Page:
A Massachusetts trash hauling and recycling company invested in a mechanical separation system for food waste, opening up outlets for the processed material.
Bob Spencer and Morgan Casella
BioCycle May 2017
“We had hoped one of our composting partners would have made the investment, but they were not convinced there was a consistent supply of packaged food to justify the investment,” notes Harvey. “We toured the Exeter Agri-Energy anaerobic digester (AD) facility in Exeter, Maine, which has a Scott Turbo Separator, and were impressed with the capabilities of that machine to remove packaging, and produce a slurry acceptable to the AD facility.”
E.L. Harvey operates a comprehensive recycling facility at its site in Westborough, including a transfer station where food waste is consolidated into larger loads and taken to several composting facilities, as well as a construction and demolition debris processing plant, a single stream MRF, and an asphalt, brick and concrete crushing operation. However, its permits from the Massachusetts Department of Environmental Protection (MassDEP) do not allow on-site composting, so collected food waste and yard trimmings have to be transferred from this site.
To process packaged and/or contaminated food waste streams, E.L. Harvey invested in the largest of three Scott Turbo Separator models, the T42. The system includes a feed hopper, twin-screw conveyor, stand and work platform, the separator, and a discharge conveyor. It was installed in late fall 2016 in an enclosed area next to the trash transfer station. Approximately $400,000 was invested in the equipment and system installation, and at the time of a tour in early March, the unit had about 250 hours of operating time. On average, E.L. Harvey is processing about 100 tons/week through the separator, which has the capacity to process 18 to 20 tons/hour.
The company is able to prepare the food waste it processes for the most appropriate recycling outlet, which include animal feed, slurry for anaerobic digestion, and a semisolid material for composting. “Our location in central Massachusetts allows us to recover packaged food waste through the Scott Turbo Separator and we have been shipping it to anaerobic digesters located in Rutland and South Hadley, Massachusetts, with most going to the Exeter, Maine facility,” explains Harvey. “Our experience has been that the AD facilities are not always available to receive food waste due to many factors, and therefore, we can also produce a drier slurry that is hauled to composters, or we can produce a product that goes to a local company that makes animal feed.” He adds that E.L. Harvey is working to establish a value for the material, but at least it is not paying a tipping fee when sent to feed.
Food packaged in glass bottles and jars is not processed since the pieces of broken glass will contaminate the product. “We saw a separator in Minnesota that was processing products packaged in glass, but the final material contained too much glass for the composters and AD facilities we work with,” explains Harvey. “We also do not process frozen foods since they are too hard for the equipment to break apart, therefore we have a bin where we thaw frozen food before introducing into the equipment.”
Harvey estimates that residual packaging separated from the food is approximately 10 percent of the input by weight, and is generally not acceptable for further recycling due to contamination with food waste. It would require additional cleaning/drying to make it suitable, something that is not economically viable at this time.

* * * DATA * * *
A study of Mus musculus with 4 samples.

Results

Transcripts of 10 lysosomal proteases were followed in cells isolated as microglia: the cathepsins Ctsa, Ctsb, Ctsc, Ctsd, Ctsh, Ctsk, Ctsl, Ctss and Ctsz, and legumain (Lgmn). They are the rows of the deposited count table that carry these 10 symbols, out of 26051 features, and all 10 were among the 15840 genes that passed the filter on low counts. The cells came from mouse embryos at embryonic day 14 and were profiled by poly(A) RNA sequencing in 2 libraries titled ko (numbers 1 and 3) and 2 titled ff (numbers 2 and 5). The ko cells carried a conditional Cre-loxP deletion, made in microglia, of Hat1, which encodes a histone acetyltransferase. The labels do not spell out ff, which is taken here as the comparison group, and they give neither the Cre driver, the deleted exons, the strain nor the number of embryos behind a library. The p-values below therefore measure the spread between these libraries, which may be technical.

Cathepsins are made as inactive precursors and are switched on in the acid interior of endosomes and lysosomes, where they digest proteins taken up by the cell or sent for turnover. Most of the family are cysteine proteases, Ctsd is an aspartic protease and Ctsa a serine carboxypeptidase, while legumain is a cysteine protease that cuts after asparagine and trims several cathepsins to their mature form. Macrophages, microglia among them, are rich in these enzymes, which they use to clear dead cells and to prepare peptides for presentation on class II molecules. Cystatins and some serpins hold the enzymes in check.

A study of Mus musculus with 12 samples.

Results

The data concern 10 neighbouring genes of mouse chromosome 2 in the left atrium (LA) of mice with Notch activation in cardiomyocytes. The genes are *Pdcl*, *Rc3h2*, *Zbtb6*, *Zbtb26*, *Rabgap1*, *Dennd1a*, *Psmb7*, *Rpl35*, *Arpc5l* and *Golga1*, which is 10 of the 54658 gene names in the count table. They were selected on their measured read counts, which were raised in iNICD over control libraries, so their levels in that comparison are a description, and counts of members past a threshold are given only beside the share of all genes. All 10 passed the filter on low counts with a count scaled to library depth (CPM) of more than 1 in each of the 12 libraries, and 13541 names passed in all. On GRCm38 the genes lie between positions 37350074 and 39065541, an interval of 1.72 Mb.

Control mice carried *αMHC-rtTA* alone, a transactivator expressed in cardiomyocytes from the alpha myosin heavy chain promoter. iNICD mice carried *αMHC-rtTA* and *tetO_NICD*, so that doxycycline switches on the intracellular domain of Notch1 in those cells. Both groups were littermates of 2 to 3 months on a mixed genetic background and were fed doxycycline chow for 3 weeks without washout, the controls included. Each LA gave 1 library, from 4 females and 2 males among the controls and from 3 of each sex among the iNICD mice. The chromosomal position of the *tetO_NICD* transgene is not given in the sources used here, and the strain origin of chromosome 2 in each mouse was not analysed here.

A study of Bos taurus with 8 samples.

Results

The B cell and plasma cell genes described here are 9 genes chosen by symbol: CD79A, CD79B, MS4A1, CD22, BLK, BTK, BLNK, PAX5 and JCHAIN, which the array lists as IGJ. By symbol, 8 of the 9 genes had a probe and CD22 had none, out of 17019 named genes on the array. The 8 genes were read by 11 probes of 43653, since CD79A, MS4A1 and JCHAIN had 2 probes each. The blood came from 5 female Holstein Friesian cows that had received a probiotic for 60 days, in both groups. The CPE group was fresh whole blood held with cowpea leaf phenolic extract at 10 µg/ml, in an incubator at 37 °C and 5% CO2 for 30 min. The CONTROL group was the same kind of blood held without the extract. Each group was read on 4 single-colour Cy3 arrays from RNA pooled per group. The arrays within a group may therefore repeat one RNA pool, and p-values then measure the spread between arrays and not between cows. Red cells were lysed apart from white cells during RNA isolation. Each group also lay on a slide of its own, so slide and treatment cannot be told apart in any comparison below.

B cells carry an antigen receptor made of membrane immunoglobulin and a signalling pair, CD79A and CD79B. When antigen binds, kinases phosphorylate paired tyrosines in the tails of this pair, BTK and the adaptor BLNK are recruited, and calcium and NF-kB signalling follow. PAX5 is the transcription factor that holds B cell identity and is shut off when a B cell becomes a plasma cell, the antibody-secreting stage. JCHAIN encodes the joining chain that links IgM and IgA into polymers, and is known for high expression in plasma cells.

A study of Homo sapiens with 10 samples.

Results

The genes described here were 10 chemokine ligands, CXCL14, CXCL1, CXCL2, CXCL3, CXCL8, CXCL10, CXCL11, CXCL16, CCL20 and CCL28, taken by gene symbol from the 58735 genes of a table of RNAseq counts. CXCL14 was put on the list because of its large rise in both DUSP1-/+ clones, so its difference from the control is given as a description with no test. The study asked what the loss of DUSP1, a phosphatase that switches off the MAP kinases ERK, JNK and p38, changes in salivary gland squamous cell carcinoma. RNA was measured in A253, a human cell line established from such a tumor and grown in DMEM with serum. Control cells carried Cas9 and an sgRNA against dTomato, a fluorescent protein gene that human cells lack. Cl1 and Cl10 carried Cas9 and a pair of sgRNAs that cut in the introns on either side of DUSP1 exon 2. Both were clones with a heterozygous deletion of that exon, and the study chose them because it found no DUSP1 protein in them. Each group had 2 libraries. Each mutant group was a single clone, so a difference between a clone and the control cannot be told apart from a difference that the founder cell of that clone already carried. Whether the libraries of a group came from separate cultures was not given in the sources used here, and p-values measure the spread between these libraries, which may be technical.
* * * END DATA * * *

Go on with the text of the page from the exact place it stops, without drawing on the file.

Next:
Currently, two people operate the separator, one to load the hopper and manage the output, and another to operate the separator, which involves adding the appropriate amount of liquid, and making sure the separator is not overloaded (see Box). The amperage on the Turbo Separator shaft is closely monitored in order to not overload the unit. As amperage approaches levels that indicate clogging may occur, the operator backs off the infeed rate of the twin flight screws. Harvey notes that clogging of the unit at various points has been an operating issue, but they are getting more experienced at preventing jams in the conveyors and screw.
He adds that the unit works well with consistent feedstocks, particularly yogurt, soup, potato chips, and salad dressing, and yields excellent energy sources for the AD plants. One pallet of packaged yogurt typically weighs about 1,600 pounds. To reduce operating costs, the company plans to use recycled wash water from a large industrial washer used to clean Totes as make-up water for the separator.
Since E.L. Harvey has a MRF, a decision has to be made whether a large cardboard container is worth the time required to remove the contents before loading into the hopper. Generally, the entire pallet is tipped into the hopper so the cardboard is not recycled.
Depending on the product coming out the backend of the separator, if it is not suitable for animal feed, it goes to AD or composting for a modest tip fee. Harvey said that if an AD facility is not accepting the material, the company works with composters who make a moat out of leaves and other dry materials, and incorporate the wet slurry into the composting process.
Future plans include installation of a 20,000-gallon storage tank for the liquid destined to AD facilities, which will allow tanker trucks to be filled when they pull in rather than have a truck parked for a number of days until a full load can be produced.
Harvey points out that in order to take advantage of the processing capacity of the separator, it will be important for MassDEP to continue education and enforcement of the organic waste ban to the food manufacturing and distribution industry.
Bob Spencer is a Contributing Editor to BioCycle. Morgan Casella is with Dynamic Organics.